Observations on airport yoga and flying kids

By John Toth

San Francisco has come up with another first – a yoga room at its airport.

Let me say right off the bat that I do not do yoga, but even if I did, the airport would probably be the last place I would think of doing it. I do other things at airport terminals, like trying to find a seat far away from crying babies, or other types of small children.

It’s not that I don’t like children. I have raised three. But at the airport, they create complications I’d rather not deal with while I’m waiting to board a plane and really don’t want to talk to anyone.

All I am interested in is either my computer or smart phone and Facebook (or some other site that is just perfect when you need to waste several hours).

The problem is that after you make a seating choice, here come the kids. And they are all hyper because shortly they’ll be boarding one of those big planes they see through the window.

What I really dislike is when the mom decides to proudly show off her parenting skills and starts talking to the kids like one of those school teachers in front of the class when the principal is in the room.

Mom thinks that everyone is interested in the angels as she goes through a list of educational things for them to do, while the rest of us are trying to shut it all out and focus on Facebook – like dad.

The last thing on my mind is whether the airport has a yoga room. But maybe I shouldn’t be so close minded. Let me open up a little and relax. Maybe I’ll meditate before continuing with the column.
OK, I’m done.

What’s worse than having kids running around you in the waiting area is sitting next to, front, or back of a baby on a flight. By the time you get off one of those flights, you’ll need a yoga room.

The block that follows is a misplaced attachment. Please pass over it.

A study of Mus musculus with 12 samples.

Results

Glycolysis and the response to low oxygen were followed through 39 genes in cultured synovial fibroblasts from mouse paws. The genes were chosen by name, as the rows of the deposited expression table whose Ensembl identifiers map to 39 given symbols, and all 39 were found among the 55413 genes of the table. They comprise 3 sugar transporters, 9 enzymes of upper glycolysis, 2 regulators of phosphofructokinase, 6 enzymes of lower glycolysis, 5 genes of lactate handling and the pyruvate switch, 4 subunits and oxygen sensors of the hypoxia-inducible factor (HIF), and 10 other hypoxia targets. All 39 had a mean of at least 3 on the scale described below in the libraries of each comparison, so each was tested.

Even if the baby behaves, which is not often, you feel pressured to acknowledge his or her existence. With adults, you can just shut them out for the entire flight.

“How old is she. She is so pretty. Look, how cute, she sneezed all over me. What’s that smell?”

Babies are generally not good passengers. They cry a lot. Not because they want to, but because of the change in cabin pressure. It hurts their ears. You can tell them to swallow, but they are babies and have no idea what you’re saying.

They also get cranky when the plane hits some turbulence. I have tried to fix that problem by purchasing numerous adult beverages, so neither the crying nor the turbulence bothers me. But that creates a new problem – trying to walk off the plane.

The San Francisco airport people are pretty proud of their yoga room. They call it a “leap forward in providing our travelers the opportunity and space to relax and decompress on their own terms.”

Maybe I should take up yoga, just in case I ever fly to San Francisco. That way, if my plane gets delayed by several hours, I can just go in there and meditate while I curse under my breath.

There should also be a family yoga room, where families can relax together. They would come out of there all chilled, ready to board, while the rest of us wait our turn. But, we’d all be more relaxed.

I would definitely be in favor of building yoga rooms at all airports if they’d also put a bar in the corner.

Yoga next to a bar, now that would be really relaxing.